Was The Loch Ness Monster Found? Scientists Are Going To Use DNA To Try And Put The Myth To Rest Once & For All
We've all heard the lore of the mythical ~Loch Ness monster~. In a body of a water situated in Scotland, there's a myth that a prehistoric-looking dinosaur monster lurks beneath the surface — and it's stayed very much a myth for centuries, because no one has ever found the Loch Ness monster. It's all very exciting and mysterious. But now, science is stepping in to find out if Nessie is real: According to Reuters, scientists will try to find the Loch Ness monster with DNA beginning in June, because they finally got their priorities in order (I guess).
The legend of this not-so-lil' guy dates back quite a while, and contrary to popular belief, the legend rarely depicts the Loch Ness monster as a bad guy. The only reports of the so-called beast wreaking havoc on humanity like some blockbuster movie monster dates back to 565 A.D., when a missionary named Saint Columbia stopped by the fresh water lake in the Scottish highlands to battle a creature who had "been killing people in the lake," according to HISTORY. Sounds a lot like Jaws to me. Apart from that tale, there have been more reported (yet unproven) "sightings" than deaths linked to the myth of the creature.
People from around the world have been engulfed in debate over the mythical Loch Ness monster. A "primitive whale," the extinct "plesiosaurs," someone had an episode of sleep paralyzation and imagined the whole thing — the theories are endless. So now, whether you're a believer or not, scientists are going in — equipped with actual science to see if folklore is actually fact.
Investigations for the Loch Ness monster aren't newly dispatched. In the 1930s, tourists flocked to shores to catch a glimpse. Newspaper headlines called for the capture of the monster with a tantalizing reward of £20,000. Nessie was a hot commodity. But the evidence of existence didn't exactly have the whole world convinced.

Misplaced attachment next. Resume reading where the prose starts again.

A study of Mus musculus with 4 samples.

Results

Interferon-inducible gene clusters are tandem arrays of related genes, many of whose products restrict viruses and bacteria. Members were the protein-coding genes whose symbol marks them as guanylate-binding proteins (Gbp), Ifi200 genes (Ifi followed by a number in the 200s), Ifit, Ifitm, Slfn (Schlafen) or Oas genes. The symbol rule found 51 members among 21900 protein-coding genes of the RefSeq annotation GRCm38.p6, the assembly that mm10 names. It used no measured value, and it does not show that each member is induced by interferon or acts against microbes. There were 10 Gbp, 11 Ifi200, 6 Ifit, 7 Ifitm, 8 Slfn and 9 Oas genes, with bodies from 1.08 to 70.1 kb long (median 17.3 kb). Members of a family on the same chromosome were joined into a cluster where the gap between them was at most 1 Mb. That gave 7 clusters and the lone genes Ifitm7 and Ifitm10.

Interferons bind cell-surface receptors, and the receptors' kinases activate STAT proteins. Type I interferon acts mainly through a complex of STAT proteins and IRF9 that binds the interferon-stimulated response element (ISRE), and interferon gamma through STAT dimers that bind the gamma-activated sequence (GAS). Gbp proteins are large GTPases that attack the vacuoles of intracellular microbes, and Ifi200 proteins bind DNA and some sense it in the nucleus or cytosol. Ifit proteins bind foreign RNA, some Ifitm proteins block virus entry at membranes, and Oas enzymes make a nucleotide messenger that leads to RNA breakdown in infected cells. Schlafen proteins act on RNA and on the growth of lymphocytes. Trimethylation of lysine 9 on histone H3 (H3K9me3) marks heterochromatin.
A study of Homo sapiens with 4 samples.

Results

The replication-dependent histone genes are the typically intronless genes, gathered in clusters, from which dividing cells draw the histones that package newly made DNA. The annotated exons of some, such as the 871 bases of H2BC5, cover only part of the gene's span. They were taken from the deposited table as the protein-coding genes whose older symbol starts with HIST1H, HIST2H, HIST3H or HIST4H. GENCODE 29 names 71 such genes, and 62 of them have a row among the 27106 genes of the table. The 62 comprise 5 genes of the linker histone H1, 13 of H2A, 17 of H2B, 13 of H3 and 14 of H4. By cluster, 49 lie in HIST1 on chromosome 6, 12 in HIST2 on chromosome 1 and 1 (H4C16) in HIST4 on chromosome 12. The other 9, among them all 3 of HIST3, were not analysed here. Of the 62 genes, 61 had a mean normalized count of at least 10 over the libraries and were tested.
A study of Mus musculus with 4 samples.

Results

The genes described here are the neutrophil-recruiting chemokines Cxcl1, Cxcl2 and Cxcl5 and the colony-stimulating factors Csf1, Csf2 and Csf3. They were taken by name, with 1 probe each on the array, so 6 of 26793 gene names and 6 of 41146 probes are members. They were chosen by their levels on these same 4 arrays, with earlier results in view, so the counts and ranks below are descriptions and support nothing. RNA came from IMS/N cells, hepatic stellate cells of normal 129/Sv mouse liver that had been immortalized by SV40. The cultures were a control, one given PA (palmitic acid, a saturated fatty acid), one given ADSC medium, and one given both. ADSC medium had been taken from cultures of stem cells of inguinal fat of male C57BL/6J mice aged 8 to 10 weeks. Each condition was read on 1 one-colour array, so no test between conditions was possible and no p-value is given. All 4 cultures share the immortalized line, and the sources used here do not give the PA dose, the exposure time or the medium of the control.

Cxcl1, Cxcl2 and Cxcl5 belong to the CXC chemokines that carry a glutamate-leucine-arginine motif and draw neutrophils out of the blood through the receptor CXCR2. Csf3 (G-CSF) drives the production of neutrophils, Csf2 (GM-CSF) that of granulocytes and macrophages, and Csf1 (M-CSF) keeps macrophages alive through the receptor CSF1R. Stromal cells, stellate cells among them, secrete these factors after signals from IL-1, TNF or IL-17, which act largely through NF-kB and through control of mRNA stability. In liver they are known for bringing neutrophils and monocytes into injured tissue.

Still, the curiosity has lingered and still remains for many when it comes to Nessie's humble abode. From 565 A.D. to 2018, the search continues. Reuters reported from London that "a global team of scientists plans to scour the icy depths of Loch Ness next month using environmental DNA (eDNA)." The experiment will occur in June 2018, and will hopefully provide an answer. Is Nessie home? Or, rather, was it ever?
The years may not have worn well on our beloved lake monster. In 2014, Live Science dug into the question of Nessie's possible death after no sightings were reported for over a year — the longest time span of zero shots of Nessie in 90 years. But it was concluded that most likely the monster was just being shy. Maybe it doesn't appreciate being identified as such? Just a guess. Alas, reports of a death and then more sightings arose in headlines. And now science is swooping in to settle things, as science does!
OK, so eDNA — what's cool about it? According to Reuters, team spokesman Professor Neil Gemmell said, "This DNA can be captured, sequenced and then used to identify that creature by comparing the sequence obtained to large databases of known genetic sequences from hundreds of thousands of different organisms." What they're looking for are tiny "fragments" of DNA from skin or urine or scales that have been left in Nessie's supposed swimming tracks.
If it's not Nessie that's discovered, it's expected that new species may be discovered instead — but a little smaller in scale to what you'd expect. Like, bacteria. That might not be as exciting as validating Nessie's existence but at least it's something. Whatever is found about the trails of the Loch Ness monster — or not — it's reported that we'll have answers very soon.